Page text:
Ethnic group / From Wikipedia, the free encyclopedia


Quick facts: Italo-canadesi (Italian) Italo-canadiens...
Italian Canadians
Italo-canadesi (Italian)
Italo-canadiens (French)
Italian Canadians as percent of population by province/territory
Total population
1,546,390 (total population)
204,070 (by birth)
1,342,320 (by ancestry)
2021 Census[1]
4.3% of Canada's population.
Regions with significant populations
Greater Toronto Area, Hamilton, Niagara Region, London, Guelph, Windsor, Ottawa–Gatineau, Barrie, Sault Ste. Marie, Greater Sudbury, Thunder Bay, Greater Montreal, Greater Vancouver
Predominately Roman Catholicism
Related ethnic groups
Italians, Italian Americans, Italian Argentines, Italian Brazilians, Italian Uruguayans, Italian Chileans, Italian Mexicans, Italian South Africans, Italian Australians, British Italian, Sicilian Americans, Corsican Americans

Italian immigration to Canada started as early as the mid 19th century. A substantial influx of Italian immigration to Canada began in the early 20th century, primarily from rural southern Italy, with immigrants primarily settling in Toronto and Montreal. During the interwar period after World War I, new immigration laws in the 1920s limited Italian immigration. During World War II, approximately 600 to 700 Italian Canadian men were interned between 1940 and 1943 as potentially dangerous enemy aliens with alleged fascist connections.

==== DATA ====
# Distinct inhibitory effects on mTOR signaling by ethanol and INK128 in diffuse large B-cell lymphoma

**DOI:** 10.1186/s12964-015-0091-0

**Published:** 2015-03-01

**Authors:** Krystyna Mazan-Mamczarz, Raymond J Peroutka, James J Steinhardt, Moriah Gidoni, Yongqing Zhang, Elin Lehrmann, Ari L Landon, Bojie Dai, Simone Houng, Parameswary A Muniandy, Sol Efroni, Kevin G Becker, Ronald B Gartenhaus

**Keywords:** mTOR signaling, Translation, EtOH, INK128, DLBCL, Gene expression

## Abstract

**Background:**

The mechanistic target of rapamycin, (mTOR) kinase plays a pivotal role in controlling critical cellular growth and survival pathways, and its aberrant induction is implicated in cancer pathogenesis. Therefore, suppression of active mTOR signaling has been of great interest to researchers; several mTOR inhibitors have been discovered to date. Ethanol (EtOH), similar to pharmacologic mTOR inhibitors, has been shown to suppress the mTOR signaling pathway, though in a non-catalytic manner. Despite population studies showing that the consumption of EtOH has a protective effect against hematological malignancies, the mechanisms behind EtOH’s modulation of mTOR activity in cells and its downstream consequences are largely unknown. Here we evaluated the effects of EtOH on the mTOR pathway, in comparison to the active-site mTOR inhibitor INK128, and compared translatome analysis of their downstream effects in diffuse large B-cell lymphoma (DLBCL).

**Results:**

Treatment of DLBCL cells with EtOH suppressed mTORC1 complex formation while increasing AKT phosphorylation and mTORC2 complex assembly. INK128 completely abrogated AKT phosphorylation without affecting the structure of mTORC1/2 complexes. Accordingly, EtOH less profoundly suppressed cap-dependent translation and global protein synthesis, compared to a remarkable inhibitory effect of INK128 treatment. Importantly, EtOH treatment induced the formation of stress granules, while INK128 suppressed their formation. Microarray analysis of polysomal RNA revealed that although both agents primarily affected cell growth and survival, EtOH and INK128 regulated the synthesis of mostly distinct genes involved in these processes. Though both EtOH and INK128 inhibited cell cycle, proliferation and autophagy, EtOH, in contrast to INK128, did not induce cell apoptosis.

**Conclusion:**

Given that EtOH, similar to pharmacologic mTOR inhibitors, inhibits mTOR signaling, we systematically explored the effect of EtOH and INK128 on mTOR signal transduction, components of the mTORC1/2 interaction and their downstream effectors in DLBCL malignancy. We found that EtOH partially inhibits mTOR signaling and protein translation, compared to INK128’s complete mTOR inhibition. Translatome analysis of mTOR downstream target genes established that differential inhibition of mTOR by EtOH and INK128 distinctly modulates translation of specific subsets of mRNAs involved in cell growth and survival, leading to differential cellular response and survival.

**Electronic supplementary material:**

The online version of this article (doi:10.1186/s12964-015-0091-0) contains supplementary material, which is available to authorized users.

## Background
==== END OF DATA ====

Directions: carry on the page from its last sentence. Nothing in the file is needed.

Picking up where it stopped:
A second wave of immigration occurred after the World War II, and between the early 1950s and the mid-1960s, approximately 20,000 to 30,000 Italians immigrated to Canada each year, many of the men working in the construction industry upon settling. Pier 21 in Halifax, Nova Scotia was an influential port of Italian immigration between 1928 until it ceased operations in 1971, where 471,940 individuals came to Canada from Italy, making them the third largest ethnic group to immigrate to Canada during that time period. In the late 1960s, the Italian economy experienced a period of growth and recovery, removing one of the primary incentives for emigration. The importance of the family unit of Italian Canadians has provided a central role in the adaptation of newer socioeconomic realities. In 2010, the Government of Ontario proclaimed the month of June as Italian Heritage Month, and in 2017, the Government of Canada also declared the month of June as Italian Heritage Month across Canada.